Wednesday, October 21, 2015

A (non)Copyright question in a Canadian federal election 2015 quiz.

On Monday many co-workers were circulating around a links to political quizzes.  I was asked what I thought about one that included a copyright related question, and if I was happy that Copyright was considered important enough to be part of one of these quizzes.

I would have been excited, except that what I found was one of those non-copyright related issues which people commonly lump in with copyright law -- including governments who add these non-copyright related issues to copyright acts.

The issue is so-called "digital locks", which when applied to content in the form of encrypted media are a competition law issues (Tied selling) and when applied to devices and software is a property law issue (IE: non-owners applying locks to things they don't own).

The wording of the question and the available answers were:

Should the government allow digital publishers to place locks on their content (MP3s, etc)?

I of course clicked "Add your own stance" and said "No, these locks should be considered illegal tied selling under competition law.  There has been no proof that these technologies benefit the interests of artists."

  • I obviously disagree with the unjustified "Yes"
  • Saying "No" over-simplifies the question and allows the presumption in the question that this is an issue that only or even primarily affects "digital publishers" and thus they should be the only ones involved in decision.  The impact to software authors and hardware owners is far greater than the impact to "digital publishers" - and in all cases the impact is negative (Beneficiary is hardware vendors).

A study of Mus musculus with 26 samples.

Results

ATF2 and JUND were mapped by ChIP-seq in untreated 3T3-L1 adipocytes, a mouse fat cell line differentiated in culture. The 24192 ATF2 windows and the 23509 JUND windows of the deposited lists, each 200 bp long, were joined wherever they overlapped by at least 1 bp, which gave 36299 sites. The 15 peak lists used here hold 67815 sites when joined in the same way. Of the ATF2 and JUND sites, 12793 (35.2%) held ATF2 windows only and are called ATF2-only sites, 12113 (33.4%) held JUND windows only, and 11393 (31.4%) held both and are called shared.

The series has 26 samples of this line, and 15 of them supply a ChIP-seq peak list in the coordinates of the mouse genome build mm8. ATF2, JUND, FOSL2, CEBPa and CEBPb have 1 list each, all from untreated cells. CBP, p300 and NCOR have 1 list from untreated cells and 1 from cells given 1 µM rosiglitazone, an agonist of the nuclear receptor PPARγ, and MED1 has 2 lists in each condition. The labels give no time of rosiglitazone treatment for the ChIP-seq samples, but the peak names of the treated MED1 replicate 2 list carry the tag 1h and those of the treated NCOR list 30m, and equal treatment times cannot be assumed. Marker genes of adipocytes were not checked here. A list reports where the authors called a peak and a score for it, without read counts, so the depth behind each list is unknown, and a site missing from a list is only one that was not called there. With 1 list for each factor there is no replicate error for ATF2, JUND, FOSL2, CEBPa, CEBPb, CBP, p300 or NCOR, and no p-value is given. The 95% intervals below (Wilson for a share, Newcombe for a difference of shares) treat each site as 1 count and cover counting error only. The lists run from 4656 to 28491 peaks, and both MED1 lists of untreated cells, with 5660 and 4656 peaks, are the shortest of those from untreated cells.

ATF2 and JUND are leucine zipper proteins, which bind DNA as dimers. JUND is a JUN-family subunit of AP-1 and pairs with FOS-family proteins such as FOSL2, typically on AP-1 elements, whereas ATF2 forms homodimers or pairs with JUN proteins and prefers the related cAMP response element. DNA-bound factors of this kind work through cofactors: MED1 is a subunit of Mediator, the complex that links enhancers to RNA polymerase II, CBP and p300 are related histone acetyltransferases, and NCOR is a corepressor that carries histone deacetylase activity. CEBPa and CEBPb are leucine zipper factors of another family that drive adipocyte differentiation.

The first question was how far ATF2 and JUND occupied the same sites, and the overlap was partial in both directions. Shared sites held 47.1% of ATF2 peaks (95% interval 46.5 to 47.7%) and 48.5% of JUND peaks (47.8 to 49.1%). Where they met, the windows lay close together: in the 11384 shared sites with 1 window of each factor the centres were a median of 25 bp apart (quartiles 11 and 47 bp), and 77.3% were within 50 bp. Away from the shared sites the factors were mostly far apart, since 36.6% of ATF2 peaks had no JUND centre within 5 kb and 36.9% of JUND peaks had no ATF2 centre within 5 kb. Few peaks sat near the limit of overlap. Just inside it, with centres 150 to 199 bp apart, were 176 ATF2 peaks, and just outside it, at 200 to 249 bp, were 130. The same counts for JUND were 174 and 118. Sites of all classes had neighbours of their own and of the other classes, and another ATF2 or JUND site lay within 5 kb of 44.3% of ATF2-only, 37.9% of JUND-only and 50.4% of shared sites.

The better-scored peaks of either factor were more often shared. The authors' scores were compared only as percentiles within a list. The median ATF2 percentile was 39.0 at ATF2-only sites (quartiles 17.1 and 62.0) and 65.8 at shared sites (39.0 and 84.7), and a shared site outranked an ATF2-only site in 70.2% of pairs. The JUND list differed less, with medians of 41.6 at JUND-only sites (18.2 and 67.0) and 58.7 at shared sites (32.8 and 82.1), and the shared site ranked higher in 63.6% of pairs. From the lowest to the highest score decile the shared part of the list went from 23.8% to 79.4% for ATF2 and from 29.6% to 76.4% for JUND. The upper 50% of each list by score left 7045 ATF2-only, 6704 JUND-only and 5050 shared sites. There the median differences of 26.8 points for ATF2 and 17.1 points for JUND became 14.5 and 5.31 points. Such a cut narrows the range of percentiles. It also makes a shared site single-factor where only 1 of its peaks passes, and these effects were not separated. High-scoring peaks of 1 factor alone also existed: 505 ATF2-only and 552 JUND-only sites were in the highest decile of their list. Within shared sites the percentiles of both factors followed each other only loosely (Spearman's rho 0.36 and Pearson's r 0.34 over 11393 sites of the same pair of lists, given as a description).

• Statutory monopoly laws are a massive government intervention in the market, so the pseudo-libertarian folks can't have it both ways.  Other than those with an orthodox ideologically blinded view on statutory monopolies, most recognize a need to have anti-trust/competition and other laws balance the statutory monopolies granted by government in copyright, patent and related laws.
  • I have yet to see evidence that encrypted media (digital locks, access controls applied to multimedia files) protect rather than threaten artist's revenues.  Most analysis that claims benefit are based on incorrect understandings of how the technologies actually work, and thus lead to incorrect conclusions about the impact.

The Bill C-11 FAQ contains quite a bit of information on digital locks and the real-world issues around them (Rather than the Harry Potter fictional understanding most non-technical people have of digital locks).